Wolt customer story
As Wolt continues to experience hypergrowth it becomes increasingly important to make sure they have the right processes to support their people. Read on to learn more.
Currently, the global working community is on the steepest learning curve ever. We are part of the largest remote working experiment conducted in history where people find themselves abruptly placed outside their comfort zone.
We have no other option than to quickly internalize the different phases of a learning cycle to experience, reflect, learn, change, (repeat). People show resilience and adaptability.
This is Part 3 of our Remote Work & COVID-19 Response Series. Last week we discussed how (Bi)weekly 1:1s are considered the glue that holds the performance management process together which is essential in the current COVID-19 situation.
This week we will zoom in on the individual skills needed to effectively work remotely and feel engaged with day-to-day work.
There are plenty of ways managers and HR practitioners can help remote teams perform at their best. From training managers better to keeping up with consistent performance management processes, the key to happy and engaged remote employees who are making progress becomes clear: soft skills.
Soft skills are personal attributes such as leadership, communication, or time management. Hard skills, on the other hand, are related to specific technical knowledge and training such as speaking a foreign language or the ability to use computer programs. Just like hard skills, a person’s soft skills are crucial to success, yet often overlooked.
Nobody works in a vacuum, people still need to interact. Working remotely effectively requires a lot of communication, self-management, and collaboration especially when working on projects over a video call. In the “new normal”, hard skills are useless without soft skills.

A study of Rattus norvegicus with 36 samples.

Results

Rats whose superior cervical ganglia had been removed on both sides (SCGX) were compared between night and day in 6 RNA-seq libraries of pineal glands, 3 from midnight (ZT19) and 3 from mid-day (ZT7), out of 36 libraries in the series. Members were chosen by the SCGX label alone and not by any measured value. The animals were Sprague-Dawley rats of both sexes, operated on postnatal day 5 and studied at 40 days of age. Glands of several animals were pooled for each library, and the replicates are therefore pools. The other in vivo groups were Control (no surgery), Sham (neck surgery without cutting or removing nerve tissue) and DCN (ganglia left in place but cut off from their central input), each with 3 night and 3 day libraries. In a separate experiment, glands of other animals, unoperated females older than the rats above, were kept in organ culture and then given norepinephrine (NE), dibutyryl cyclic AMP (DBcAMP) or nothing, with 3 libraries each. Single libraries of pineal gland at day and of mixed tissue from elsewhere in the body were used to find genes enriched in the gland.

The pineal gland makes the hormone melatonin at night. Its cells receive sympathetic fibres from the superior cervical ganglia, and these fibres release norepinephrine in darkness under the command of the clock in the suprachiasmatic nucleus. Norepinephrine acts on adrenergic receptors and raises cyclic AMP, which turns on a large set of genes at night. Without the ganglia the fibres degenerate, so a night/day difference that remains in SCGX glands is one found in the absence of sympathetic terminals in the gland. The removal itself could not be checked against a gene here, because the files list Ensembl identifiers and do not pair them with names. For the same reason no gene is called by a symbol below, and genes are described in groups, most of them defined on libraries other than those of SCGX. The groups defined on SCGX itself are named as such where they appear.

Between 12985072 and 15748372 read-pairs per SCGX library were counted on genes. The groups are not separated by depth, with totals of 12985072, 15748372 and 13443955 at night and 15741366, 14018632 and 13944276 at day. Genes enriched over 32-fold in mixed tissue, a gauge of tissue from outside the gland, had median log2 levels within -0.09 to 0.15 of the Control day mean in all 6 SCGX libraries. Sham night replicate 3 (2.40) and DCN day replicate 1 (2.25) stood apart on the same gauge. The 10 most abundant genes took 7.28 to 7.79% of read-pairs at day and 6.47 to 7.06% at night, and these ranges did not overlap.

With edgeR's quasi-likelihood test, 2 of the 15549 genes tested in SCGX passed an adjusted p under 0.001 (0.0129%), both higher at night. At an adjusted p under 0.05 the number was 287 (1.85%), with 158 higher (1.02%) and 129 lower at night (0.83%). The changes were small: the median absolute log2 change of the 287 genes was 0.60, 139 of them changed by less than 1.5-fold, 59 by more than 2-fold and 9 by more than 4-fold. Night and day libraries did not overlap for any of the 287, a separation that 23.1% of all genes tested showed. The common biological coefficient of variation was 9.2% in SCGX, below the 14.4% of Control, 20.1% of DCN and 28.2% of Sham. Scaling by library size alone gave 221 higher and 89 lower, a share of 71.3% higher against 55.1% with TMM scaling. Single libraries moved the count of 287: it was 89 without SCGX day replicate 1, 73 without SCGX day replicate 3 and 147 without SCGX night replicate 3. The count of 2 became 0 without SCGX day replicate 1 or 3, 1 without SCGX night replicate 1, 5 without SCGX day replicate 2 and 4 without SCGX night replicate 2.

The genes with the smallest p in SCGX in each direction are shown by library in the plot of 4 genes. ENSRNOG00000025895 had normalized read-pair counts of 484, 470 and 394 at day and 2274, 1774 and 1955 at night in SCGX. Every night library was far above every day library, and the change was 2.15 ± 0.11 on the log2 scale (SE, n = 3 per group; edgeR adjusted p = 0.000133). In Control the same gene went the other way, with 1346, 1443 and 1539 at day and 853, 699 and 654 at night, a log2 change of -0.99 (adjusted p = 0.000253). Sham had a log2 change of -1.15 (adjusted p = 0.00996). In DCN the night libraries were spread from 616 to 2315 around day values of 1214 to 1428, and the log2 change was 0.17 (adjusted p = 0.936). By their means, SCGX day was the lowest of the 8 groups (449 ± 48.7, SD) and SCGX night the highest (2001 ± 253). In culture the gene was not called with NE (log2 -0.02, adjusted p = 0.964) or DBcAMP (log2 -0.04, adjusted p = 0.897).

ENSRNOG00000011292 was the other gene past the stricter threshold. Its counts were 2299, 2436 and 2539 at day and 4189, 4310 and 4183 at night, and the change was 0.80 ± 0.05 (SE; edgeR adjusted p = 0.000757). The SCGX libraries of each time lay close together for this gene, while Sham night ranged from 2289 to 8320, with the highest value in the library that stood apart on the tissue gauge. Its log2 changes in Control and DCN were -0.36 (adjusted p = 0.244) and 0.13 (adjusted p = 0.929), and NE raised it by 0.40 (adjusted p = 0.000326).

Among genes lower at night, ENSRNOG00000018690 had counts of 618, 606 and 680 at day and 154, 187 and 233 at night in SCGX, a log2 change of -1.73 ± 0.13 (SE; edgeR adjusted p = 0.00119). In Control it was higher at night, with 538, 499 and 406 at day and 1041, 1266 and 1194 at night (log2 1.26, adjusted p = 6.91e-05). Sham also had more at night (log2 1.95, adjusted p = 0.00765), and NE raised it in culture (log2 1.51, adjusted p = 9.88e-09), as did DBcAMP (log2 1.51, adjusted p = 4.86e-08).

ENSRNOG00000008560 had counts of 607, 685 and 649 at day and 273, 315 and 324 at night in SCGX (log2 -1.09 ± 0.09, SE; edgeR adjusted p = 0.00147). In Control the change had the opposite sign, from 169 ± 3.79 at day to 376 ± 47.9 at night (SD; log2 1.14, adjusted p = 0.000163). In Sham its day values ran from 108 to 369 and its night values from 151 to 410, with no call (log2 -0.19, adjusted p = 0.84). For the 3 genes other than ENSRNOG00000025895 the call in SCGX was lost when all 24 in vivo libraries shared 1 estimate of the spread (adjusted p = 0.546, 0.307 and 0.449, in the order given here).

We would like to share with you 5 soft skills our colleagues have demonstrated during this remote work switch that has proven crucial for successful teamwork and overall progress.
Do your Pulse Survey results show that employees want more feedback and recognition? One way to continue the performance management process and ensure employees are maximizing their learning from this remote working experience is to run a peer review on remote working skills.
In a peer review, individuals receive feedback from colleagues with a focus on developing each other's strengths and weaknesses. A self-assessment can be included to let employees evaluate their own strengths and weaknesses.
Peer Reviews are a great way for peers to share visions on what success looks like, and help each other become more successful. It’s crucial to regularly check-in with peers, understand how you can support them better from a distance and make sure that everyone stays aligned while doing home office.
Find out how to run a Peer Review, and see our example questions and template communication here.
With a Peer Review focused on remote working skills, you allow your workforce to keep learning and develop into rounded resilient professionals who are ready for the next challenge.
In this post, we shared what skills and competencies are needed for an individual to effectively work remotely. Next in our Remote Work & COVID-19 Response series, we will focus on the skills and competencies that managers need to effectively manage remote teams.
Learn how you can support remote teams with a purpose-built platform that offers Pulse Surveys, Real-time Feedback, 1:1s, Check-ins, OKRs and Goals, Engagement Surveys, and Reviews.